If you’re like most people, you’ve probably asked yourself the above question — not just once, but several times.
With about 50% of marriages ending in divorce, and pre-marital relationships failing at an even higher rate, I’m certain you’ve seen your share of failed relationships among your friends and family members — and even in your own life.
It’s enough to make you believe that true love no longer exists in the modern world, doesn’t it?
Contrary to popular belief, true love is alive and well — but you’re not going to find it where you’re looking for it.
Our culture perpetuates unrealistic romantic expectations – and women, in particular, are predisposed to these expectations because, from the time we’re old enough to think, we dream that one day a Prince Charming will come along, fall in love with us, and we’ll live happily ever after.
What’s wrong with that picture?
Well, first of all, when we look to someone other than ourselves to be the source of our happiness or completion, that’s a recipe for dysfunctional co-dependence, not true love. It trains us to hold off being happy until that perfect someone, soul mate, or Mr. Right comes along.
A better strategy would be for you to be happy first — whether you’re in a relationship or not. And above all, love yourself first (i.e., hold yourself in high esteem) — but not in the way you’re probably thinking. Most women assume this simply means being positive and Hyper Confident. That’s attitude is impossible to maintain each and every day.
Instead, why not learn how to put your heart first and discover the real secret to making a man want to do anything to make you happy? After all, how can you expect someone to love you if you don’t first love yourself?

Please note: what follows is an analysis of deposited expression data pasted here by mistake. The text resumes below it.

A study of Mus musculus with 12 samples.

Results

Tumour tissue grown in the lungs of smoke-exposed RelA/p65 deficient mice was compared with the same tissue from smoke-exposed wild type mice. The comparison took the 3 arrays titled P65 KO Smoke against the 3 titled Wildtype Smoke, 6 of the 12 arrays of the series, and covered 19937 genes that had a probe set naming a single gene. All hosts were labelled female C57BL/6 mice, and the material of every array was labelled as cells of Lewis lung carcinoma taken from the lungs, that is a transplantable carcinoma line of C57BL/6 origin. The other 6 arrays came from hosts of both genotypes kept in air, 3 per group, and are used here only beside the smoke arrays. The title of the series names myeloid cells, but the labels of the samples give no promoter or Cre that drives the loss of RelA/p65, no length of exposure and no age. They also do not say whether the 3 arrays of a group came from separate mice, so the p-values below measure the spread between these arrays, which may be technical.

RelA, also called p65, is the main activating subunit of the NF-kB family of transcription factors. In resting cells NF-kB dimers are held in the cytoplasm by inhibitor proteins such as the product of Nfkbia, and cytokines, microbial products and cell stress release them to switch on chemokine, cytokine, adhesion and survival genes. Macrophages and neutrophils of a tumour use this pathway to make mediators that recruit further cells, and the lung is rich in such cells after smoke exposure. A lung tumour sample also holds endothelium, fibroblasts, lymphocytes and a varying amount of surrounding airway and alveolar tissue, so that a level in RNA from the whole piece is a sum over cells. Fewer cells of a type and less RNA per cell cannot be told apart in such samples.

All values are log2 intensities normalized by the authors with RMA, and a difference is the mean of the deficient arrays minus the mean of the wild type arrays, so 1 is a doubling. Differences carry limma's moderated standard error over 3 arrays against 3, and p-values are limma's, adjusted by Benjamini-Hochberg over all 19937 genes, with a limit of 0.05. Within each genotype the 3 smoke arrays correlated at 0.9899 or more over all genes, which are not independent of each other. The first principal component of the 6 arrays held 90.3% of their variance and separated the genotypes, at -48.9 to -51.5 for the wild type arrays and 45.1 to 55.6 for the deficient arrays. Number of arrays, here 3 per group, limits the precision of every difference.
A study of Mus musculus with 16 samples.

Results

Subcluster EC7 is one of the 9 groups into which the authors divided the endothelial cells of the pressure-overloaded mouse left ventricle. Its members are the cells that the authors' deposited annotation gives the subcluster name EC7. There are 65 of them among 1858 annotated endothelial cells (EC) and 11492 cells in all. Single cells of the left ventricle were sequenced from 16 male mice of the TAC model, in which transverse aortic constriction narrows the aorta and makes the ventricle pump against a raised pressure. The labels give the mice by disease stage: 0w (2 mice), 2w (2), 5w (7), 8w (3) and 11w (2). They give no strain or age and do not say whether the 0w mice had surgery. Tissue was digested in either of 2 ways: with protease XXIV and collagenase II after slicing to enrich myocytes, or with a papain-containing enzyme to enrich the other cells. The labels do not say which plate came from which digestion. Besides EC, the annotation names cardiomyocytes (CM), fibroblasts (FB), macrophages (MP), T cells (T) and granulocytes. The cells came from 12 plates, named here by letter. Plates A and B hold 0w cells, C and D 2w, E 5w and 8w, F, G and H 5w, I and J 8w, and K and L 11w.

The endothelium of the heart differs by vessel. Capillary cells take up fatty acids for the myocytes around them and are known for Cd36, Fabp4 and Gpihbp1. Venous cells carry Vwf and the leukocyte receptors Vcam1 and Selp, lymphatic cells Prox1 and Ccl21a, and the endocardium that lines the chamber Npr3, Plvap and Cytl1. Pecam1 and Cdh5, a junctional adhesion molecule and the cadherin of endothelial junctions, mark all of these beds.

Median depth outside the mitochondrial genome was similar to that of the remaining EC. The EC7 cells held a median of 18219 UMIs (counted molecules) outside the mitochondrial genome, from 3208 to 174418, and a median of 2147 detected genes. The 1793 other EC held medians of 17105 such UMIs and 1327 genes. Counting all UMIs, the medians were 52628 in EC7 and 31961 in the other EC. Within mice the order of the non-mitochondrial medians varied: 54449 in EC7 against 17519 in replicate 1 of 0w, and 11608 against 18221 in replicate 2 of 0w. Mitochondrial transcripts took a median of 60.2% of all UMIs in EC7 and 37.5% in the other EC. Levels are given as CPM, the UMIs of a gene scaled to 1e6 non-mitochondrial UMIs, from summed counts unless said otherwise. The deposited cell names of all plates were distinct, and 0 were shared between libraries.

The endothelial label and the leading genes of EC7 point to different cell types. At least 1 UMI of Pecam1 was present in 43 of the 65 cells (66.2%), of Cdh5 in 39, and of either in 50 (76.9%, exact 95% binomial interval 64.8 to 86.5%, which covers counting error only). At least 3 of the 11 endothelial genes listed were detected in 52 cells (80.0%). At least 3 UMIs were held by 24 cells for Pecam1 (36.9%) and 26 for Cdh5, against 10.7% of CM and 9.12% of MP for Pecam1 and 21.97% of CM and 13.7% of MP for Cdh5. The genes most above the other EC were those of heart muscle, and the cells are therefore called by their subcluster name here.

The buzz phrase, “You complete me” (popularized by Tom Cruise, who said those famous words to the character of Renée Zellwegger in the movie, Jerry McGuire), is based more on romantic sentimentality than truth. The concept of one person completing another person is just another example of an unrealistic romantic myth perpetuated by the film industry, media, and society in general.
Married couples sometimes call each other “my better half,” insinuating that one is not whole without the other. This contributes to what I call the “free radical” approach to love, using the metaphor of an unstable atom with unpaired electrons scavenging another atom’s electron to complete itself. Likewise, a woman oftentimes looks to a man to complete herself — and that’s an unhealthy way to enter into a relationship. She needs to be complete in and of herself, and enter into a relationship with a man who is also complete.
Two unstable halves make an unstable whole. Building a stable and whole relationship requires two whole people coming together.
Going back to the subject of expecting love to be a happily-ever-after state of being, nothing could be further from the truth. Most of the time, the feeling of being “in love” dissipates from your relationship. When that happens, you become dissatisfied with your relationship, and you experience unnecessary pain and heartbreak as a result.
It doesn’t have to be that way.
As a woman, you can influence a man in ways you’ve never imagined.